Today I walked through Somerset. Two days ago, the process of relocating all three hundred some odd residents began. The place is swarming with outsiders. The state has representatives there. Numerous community agencies have sent representatives. Other, similar psychiatric facilities have sent representatives. It’s a feeding frenzy.
The feeling was surreal. Last week, the building was tense, on pins and needles with the surveyors reassessing whether or not the facility had sufficiently addressed the problems the federal team recently identified. Residents would periodically ask whether or not the building would be closed and would they have to find a new place to live, to which we could only honestly reply, we hope not. I think few among staff believed closure was a real possibility. Opinions varied as to how serious the problems were, but few, if any, believed the problems were of a scope and severity that would lead the state or federal government to actually close the facility. I don’t know when and how the staff were informed. I can’t imagine their initial reactions.
I am not sure many have absorbed the reality. Certainly some residents are having trouble. Some refuse to sign a release of information allowing caseworkers to provide information to potential placements. Some have retreated into delusional worlds. Some reach for fantasy placements with family or independent living that are, sadly, out of their reach. The higher functioning residents will be grabbed up first, while the lower functioning, more difficult patients will languish and struggle to find an adequate new home. Staff and residents alike are busy as bees, precluding much reflection on what, exactly, has just happened to them. One resident, typically manic shouting out ridiculous statements—“I own all of Starbucks, you know”—with a wry self-awareness of his own craziness, is sullen and silent. Many residents desperately try to reassure themselves they will like their new home. The higher functioning attempt to assert some control over where they go. But on the whole they are powerless and without many options. The best they can do is hope for the best. And many of them have no resources or social support to cope with the stress of being uprooted and relocated arbitrarily. Many have no family, no friends. Almost none have any financial resources. This place was their home. The staff people they saw every day for 15 years, their family. They don’t get to keep in touch. They get only partial, disjointed good-byes. They get shipped off as soon and as efficiently as can be managed.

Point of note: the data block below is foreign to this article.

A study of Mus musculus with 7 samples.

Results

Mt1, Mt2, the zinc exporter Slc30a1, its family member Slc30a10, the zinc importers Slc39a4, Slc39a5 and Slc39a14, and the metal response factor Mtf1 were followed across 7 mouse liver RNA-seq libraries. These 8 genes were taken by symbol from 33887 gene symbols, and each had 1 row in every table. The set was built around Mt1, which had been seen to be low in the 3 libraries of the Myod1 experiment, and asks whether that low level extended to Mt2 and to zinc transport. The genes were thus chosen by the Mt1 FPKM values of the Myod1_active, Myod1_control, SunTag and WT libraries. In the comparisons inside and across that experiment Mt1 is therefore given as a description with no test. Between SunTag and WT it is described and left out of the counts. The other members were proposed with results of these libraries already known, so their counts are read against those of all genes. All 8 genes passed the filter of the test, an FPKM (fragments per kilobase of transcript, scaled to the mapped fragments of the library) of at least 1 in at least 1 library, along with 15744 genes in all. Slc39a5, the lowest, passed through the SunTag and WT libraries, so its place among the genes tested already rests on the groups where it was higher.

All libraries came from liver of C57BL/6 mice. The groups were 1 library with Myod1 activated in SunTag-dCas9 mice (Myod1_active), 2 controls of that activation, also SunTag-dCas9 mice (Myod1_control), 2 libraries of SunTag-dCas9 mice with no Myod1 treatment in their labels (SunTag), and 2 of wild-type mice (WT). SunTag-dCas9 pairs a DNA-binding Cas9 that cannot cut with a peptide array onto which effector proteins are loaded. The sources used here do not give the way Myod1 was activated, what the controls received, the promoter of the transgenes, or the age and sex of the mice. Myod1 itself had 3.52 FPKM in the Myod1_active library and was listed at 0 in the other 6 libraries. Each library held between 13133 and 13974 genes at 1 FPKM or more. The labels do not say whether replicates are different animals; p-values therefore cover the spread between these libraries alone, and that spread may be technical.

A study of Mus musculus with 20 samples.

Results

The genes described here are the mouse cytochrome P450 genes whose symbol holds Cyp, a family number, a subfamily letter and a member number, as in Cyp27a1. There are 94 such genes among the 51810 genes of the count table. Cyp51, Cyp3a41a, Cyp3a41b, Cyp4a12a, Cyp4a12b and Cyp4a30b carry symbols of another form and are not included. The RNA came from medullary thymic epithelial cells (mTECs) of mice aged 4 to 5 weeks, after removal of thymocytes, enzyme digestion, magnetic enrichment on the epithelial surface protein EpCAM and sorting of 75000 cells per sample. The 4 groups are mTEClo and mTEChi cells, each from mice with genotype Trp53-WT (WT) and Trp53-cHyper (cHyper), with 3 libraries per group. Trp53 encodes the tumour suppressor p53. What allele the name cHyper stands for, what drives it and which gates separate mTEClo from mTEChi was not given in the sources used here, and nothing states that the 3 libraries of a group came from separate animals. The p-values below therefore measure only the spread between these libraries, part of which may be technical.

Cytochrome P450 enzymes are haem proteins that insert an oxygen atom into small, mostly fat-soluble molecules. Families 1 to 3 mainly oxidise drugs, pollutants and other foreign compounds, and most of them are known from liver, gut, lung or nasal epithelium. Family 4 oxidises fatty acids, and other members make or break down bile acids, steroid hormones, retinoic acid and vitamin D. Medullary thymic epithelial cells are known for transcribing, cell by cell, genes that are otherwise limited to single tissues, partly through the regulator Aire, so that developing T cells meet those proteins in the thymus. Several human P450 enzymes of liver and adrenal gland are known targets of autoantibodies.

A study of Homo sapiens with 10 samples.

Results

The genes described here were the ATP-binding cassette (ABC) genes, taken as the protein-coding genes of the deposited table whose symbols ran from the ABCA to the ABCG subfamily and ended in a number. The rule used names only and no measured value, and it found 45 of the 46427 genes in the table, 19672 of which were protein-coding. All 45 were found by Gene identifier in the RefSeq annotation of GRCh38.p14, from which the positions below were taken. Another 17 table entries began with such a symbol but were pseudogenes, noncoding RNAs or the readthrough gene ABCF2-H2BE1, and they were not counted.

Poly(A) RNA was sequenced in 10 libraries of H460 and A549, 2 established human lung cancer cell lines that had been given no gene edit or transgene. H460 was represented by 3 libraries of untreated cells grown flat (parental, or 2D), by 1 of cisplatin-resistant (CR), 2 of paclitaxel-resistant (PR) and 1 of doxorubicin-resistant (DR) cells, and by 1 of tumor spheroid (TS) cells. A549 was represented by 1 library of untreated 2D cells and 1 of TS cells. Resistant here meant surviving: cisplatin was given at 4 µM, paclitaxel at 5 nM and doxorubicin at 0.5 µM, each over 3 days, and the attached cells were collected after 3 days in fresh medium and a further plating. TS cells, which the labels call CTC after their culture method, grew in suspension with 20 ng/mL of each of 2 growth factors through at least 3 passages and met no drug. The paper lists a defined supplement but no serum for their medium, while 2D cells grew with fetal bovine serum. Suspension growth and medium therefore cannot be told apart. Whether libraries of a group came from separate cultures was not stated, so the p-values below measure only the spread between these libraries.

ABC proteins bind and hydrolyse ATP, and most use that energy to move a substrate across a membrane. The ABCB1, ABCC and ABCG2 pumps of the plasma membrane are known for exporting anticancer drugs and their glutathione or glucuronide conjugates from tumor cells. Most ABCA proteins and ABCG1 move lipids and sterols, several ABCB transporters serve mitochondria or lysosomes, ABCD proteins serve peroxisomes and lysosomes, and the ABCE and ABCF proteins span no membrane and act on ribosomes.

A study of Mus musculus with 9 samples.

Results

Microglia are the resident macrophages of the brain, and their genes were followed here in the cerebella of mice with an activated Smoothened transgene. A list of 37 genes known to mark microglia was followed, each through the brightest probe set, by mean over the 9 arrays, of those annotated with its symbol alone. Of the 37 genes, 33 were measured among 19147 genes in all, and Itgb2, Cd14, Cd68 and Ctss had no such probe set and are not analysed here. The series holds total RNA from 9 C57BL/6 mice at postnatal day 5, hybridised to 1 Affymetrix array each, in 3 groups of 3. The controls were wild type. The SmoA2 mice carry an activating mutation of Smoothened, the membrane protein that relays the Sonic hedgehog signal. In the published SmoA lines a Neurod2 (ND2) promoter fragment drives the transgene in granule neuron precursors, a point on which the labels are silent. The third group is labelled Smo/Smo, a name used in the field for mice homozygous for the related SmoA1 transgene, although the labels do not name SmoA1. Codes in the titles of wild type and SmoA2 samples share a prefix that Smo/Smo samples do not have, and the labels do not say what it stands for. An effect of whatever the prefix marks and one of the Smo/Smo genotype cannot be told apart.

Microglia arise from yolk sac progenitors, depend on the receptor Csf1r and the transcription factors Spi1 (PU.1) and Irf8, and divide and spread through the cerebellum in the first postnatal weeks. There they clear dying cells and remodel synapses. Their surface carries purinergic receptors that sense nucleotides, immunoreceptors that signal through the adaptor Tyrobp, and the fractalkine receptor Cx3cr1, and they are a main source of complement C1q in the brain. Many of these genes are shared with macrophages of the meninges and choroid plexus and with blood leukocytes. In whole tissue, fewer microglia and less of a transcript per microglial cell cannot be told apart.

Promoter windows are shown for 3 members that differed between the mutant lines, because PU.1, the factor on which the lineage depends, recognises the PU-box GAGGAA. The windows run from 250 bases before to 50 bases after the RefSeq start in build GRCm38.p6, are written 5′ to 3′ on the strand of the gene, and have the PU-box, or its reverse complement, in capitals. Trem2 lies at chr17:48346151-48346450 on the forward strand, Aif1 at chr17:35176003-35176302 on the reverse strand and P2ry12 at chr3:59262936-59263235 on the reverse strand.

I entered the facility today knowing it would be my last day there. There is no more need for a consultant. There is nothing I can do now (apparently there was little I could do before). I hoped to say goodbye. To take some pictures. To reflect on what happened with at least a few staff I worked more closely with. To check in with residents I had spent time with. It was impossible. There were so many residents to talk to, so many staff to say goodbye to, everyone in chaos and motion. . . I got a few random pictures, talked to one or two staff members, tried to reassure a couple of residents. . . and then, overwhelmed, I left. Closure was impossible, a luxury ill-afforded as the world, overnight, shifted for these people, the coordinates of reality suddenly slipping and sliding around leaving only one thing to do: reach out, grab on to something and hope you don’t fall. Some have very little to grab onto.